ER visits can signal beginning of decline for seniors, even when they're not admitted


Six months after visiting the ER, seniors in one study were 14% more likely to have acquired a disability affecting activities of daily living than older adults of the same age, with a similar illness, who didn't end up in the ER.

Like most seniors, those included in the Annals of Emergency Medicine research returned home after their treatment.

“Illnesses or injuries that lead to ER visits can initiate “a fairly vulnerable period of time for older persons” and “we should consider new initiatives to address patients' care needs and challenges after such visits,” study co-author Thomas Gill, M.D., professor of medicine, epidemiology and investigative medicine at Yale University, told Kaiser Health News.

A report issued by the health publication Thursday explores how emergency rooms, researchers and other caregivers are attempting to keep seniors physically active and emotionally engaged following a visit for emergency care.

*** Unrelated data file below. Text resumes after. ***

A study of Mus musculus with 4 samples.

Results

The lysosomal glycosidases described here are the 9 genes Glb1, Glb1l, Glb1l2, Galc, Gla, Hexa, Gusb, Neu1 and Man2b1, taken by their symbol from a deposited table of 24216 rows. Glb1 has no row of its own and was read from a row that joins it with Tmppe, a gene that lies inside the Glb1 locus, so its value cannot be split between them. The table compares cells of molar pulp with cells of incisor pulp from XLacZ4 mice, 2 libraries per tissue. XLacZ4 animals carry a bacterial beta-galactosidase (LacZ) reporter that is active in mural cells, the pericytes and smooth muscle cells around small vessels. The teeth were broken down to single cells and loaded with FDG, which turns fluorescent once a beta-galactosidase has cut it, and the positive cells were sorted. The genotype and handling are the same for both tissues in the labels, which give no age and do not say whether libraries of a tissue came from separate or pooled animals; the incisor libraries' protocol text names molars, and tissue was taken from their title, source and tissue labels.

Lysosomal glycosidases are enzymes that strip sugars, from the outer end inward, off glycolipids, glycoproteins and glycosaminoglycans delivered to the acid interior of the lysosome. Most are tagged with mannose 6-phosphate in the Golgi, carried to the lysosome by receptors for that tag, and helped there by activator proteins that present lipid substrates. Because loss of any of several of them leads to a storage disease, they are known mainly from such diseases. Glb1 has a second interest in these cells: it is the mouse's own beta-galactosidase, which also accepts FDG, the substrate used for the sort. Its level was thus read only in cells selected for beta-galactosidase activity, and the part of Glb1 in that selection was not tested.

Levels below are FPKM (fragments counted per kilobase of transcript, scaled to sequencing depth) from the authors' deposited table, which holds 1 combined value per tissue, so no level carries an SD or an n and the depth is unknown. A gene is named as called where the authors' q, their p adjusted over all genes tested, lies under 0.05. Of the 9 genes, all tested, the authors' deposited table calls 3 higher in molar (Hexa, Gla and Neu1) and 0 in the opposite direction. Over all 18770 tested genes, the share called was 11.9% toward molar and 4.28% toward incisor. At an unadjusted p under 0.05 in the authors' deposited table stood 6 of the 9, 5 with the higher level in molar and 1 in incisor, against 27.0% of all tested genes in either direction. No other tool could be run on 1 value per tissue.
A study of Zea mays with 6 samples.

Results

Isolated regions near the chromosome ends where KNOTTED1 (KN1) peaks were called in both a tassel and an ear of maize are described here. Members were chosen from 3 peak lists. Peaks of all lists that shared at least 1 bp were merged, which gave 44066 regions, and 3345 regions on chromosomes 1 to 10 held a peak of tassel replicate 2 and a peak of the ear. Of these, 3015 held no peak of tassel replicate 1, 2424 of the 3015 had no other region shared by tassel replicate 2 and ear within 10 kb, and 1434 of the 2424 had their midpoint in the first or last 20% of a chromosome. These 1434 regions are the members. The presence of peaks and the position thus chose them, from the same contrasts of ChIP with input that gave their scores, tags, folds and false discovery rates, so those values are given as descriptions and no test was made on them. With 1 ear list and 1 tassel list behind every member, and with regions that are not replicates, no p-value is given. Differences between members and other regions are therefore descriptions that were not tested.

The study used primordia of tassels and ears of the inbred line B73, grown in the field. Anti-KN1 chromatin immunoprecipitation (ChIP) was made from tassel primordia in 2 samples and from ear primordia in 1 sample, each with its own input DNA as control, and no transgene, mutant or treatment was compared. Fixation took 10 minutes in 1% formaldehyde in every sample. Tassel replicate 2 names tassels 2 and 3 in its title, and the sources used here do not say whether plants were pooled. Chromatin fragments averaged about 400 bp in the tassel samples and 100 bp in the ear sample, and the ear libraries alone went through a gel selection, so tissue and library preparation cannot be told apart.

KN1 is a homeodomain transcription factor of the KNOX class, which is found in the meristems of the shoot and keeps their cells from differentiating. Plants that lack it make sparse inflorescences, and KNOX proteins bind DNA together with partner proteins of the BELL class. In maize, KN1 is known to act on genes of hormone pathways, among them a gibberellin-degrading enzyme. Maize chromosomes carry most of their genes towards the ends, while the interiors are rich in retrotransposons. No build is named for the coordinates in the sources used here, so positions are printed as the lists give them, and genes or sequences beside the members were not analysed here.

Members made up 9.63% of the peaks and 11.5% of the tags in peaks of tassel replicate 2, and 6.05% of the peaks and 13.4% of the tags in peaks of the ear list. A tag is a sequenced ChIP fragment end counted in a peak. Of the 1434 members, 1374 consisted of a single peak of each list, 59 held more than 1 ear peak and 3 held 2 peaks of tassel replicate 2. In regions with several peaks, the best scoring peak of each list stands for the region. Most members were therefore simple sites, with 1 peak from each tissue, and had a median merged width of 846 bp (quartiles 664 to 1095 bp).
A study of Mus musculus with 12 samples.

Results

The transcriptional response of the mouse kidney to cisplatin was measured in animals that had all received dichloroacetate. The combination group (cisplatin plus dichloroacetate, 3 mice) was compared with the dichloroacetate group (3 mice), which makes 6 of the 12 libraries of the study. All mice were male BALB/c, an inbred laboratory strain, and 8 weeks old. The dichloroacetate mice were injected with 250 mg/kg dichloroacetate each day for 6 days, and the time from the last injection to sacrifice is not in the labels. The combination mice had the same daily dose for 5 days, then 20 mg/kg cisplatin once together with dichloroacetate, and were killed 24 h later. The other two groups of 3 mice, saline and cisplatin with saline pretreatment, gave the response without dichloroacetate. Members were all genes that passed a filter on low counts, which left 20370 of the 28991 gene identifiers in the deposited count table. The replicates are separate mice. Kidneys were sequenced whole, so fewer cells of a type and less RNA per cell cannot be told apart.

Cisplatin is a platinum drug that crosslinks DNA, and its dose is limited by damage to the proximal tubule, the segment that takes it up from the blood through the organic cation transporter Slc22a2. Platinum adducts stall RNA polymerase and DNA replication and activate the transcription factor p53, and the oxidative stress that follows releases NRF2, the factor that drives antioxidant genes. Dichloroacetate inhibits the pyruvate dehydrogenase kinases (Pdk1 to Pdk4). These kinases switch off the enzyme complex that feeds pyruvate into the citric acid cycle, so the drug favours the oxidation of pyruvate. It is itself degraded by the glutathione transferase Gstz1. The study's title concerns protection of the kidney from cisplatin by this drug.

Cynthia Brown, M.D., professor and division director of gerontology, geriatrics and palliative care at the University of Alabama at Birmingham, said ER visits often precipitate declines that lead to “a poorer quality of life, nursing home placement and mortality.”

Now, hospitals are being encouraged to educate medical staff in geriatric care; assess seniors for risk; screen older adults  for cognitive concerns, falls and functional limitations; and refer to them to community agencies for help.

Starting in February, the American College of Emergency Physicians is launching an accreditation program for emergency rooms, requiring recipients to provide walkers, canes and food and drink and make physical changes to emergency departments that better suit older patients.